All inquests must be held in public and someone from the press might be present in court. The coroner will make every effort to treat the family sympathetically and will often not read out personal notes or letters or display other sensitive evidence unless it is essential. The Coroner may warn the family before such evidence is produced to allow them to withdraw if they wish.
In some cases the person, company or organisation who is said to have caused the death might be present. They might give evidence. They may be represented by lawyers.
In some instances the family may want to publicise the inquest, and it is possible to prepare a press statement to give to journalists.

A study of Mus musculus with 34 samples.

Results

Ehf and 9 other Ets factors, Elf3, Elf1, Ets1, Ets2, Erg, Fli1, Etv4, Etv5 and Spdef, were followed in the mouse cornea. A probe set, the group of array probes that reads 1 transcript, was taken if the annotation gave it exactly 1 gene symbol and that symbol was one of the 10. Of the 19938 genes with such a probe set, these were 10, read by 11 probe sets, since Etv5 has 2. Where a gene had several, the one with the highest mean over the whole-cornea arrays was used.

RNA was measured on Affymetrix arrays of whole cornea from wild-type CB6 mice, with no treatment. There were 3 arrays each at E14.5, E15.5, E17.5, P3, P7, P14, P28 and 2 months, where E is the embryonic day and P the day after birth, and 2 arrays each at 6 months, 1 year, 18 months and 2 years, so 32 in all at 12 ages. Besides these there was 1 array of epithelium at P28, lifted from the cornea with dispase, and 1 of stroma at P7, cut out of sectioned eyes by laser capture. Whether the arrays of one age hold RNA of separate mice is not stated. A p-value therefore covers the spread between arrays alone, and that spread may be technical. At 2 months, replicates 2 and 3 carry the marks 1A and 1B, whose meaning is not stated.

Fieldfisher has successfully been recognised as an "Occupation and Asbestos Disease Specialists" Fieldfisher are now recognised as assessors
Charities we support
Fieldfisher hosts 2018 AvMA Charity Quiz
The Medical Negligence and Personal Injury Teams at Fieldfisher were delighted to host the annual AvMA Charity Quiz Night, raising nearly £4,000 for AvMA.
£37m settlement for boy who suffered catastrophic brain injury at Watford General
The press has widely reported Paul McNeil's claim on behalf of a six-year-old boy who contracted the herpes simplex virus at Watford General hospital in 2012, which led to a brain fever.
Fieldfisher – Manchester Clinical Negligence Team boosted by the recruitment of Lindsay Holt
Fieldfisher, which boasts a strong clinical negligence team in Manchester headed by Jenny Urwin, have boosted its practice with the recruitment of Lindsay Holt.